Federal class action lawsuit filed against Toyota for bait and switch tactics involving hybrid car tax credit

April 5, 2007 | Roger McEowen


Effective January 1, 2006, a tax credit for taxpayers who buy hybrid cars became available. In 2004 and 2005, hybrid car buyers were limited to a $2,000 deduction. But, some hybrid car buyers have discovered that they cannot claim the credit on their tax return. That’s the problem that generated this lawsuit. The plaintiffs bought hybrid vehicles from Toyota that IRS had certified as eligible for the credit, but later found out that they couldn’t claim the full credit (and in some instances none of the credit) when their tax returns were prepared. They claim that Toyota promoted the sale of the vehicles by talking up the credit, but failed to tell them that they wouldn’t be able to claim the credit - the classic bait and switch.

Toyota manufactures several models that qualify buyers for the credit. The amount of the credit depends on the make and model of hybrid vehicle being purchased and the purchase date. Generally, the vehicle must be purchased after 2005 and before 2011, with the amount of the credit falling as the level of sales of qualified vehicles by a particular manufacturer rises. For example, a Toyota Prius qualified for a $3,150 credit if purchased before October 1, 2006, but only $1,575 after that date.

A lesser-known limitation on the credit is that taxpayers subject to the alternative minimum tax (AMT) may not be able to claim any of the credit on their tax returns. That is the basis of this lawsuit. The plaintiffs bought Toyota hybrids and claim that the tax credit is a selling point for Toyota hybrids - the Highlander Hybrid, Lexus RX400h and the Prius. The plaintiffs claim that Toyota advertised a $3,150 tax credit for the 2005 and 2006 Prius, helping it sell more than 212,000 hybrids in 2006. They allege that Toyota failed to tell hybrid buyers that the tax credit, because of the AMT, only applies to consumers with annual incomes of less than $80,000 and more than $750,000. The plaintiffs claim that they found out about the income restrictions only after they purchased the hybrids, basing their decisions to buy, at least in part, on the tax credit.

So, what is the AMT all about?  It dates back to the Tax Reform Act of 1969. Its goal was to prevent millionaires from exercising every possible credit and loophole, and thus entirely avoid paying income tax. But, because it was not adjusted for inflation, the AMT now affects a significant number of taxpayers. If present law isn’t changed, the AMT will impact an estimated 30 million taxpayers by 2010 (it caught about 3.5 million taxpayers in 2006). Concerning the hybrid vehicle tax credit, a taxpayer won’t be able to claim the full credit unless the taxpayer’s regular tax obligation exceeds their AMT obligation by at least that amount. For example, if a taxpayer’s regular tax liability is only $50 higher than the taxpayer’s AMT liability, the taxpayer doesn’t owe AMT, but the hybrid vehicle tax credit will be only $50.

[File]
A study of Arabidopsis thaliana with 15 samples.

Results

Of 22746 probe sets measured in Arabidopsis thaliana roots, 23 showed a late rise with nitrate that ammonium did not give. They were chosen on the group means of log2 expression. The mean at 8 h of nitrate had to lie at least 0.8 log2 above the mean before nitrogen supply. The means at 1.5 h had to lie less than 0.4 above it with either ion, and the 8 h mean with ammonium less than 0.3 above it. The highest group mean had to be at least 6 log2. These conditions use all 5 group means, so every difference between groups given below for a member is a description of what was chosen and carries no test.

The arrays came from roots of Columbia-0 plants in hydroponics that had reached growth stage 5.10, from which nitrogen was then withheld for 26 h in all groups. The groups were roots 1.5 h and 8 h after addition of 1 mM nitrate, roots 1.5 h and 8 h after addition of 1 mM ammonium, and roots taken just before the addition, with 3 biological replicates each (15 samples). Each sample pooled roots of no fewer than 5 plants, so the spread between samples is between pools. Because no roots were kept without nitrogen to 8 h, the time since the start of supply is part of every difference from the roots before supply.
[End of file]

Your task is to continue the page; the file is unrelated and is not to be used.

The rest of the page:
How does the AMT computation work? Basically, a taxpayer computes their regular tax liability and then recomputes their tax liability without taking into account many of the deductions and credits that were used in determining their regular tax liability (including the hybrid vehicle tax credit). The three biggest items that result in AMT liability are state taxes, personal exemptions and the standard deduction. Also, interest from tax-exempt government bonds, incentive stock options and miscellaneous itemized deductions can create AMT problems.

  What type of taxpayer might be prone to AMT problems (and not be able to claim the hybrid vehicle credit in full or at all)?  Generally, the larger the taxpayer’s family, the more likely there will be an AMT problem. Homeowners with incomes between $150,000 and $400,000 probably trigger AMT. But, persons with incomes between $60,000 and $115,000 likely don’t have an AMT problem. Similarly, persons with incomes over $750,000 probably won’t have an AMT problem either - they pay enough in regular income tax to likely avoid the AMT. On the other hand, a family of four with income below the $60,000 range won’t be able to claim the vehicle credit either - they don’t have any regular tax liability. Single persons typically fare better than married persons - they can get the full credit with income in the $25,000-$115,000 range. There is a big marriage penalty in the AMT, and it is anti-family (the larger the family, the more likely there will be an AMT problem).   

A couple of other points about the hybrid vehicle tax credit. For taxpayers claiming multiple tax credits, the hybrid vehicle tax credit is taken after all the other credits (i.e., child care tax credit, mortgage credit, retirement savings credit) have been taken. Any tax liability remaining is the maximum dollar limit of the hybrid tax credit. Also, if the credit exceeds the taxpayer’s maximum dollar limit, the excess is not refundable and is lost - it can’t be carried over to another year.

It will be interesting to watch the case as it proceeds through the courts. Toyota claims it gave sufficient warning of the limitations of the credit due to the AMT. The real irony, though, is that the plaintiffs would have likely been better off under the previous tax incentive for hybrid vehicles - the deduction which applied through the end of 2005.

Note: The case is Girard v. Toyota Motor Sales U.S.A., Inc., No. 2:2007cv02281. Complaint filed (C.D. Cal. Apr. 5, 2007). The presiding judge is A. Howard Matz.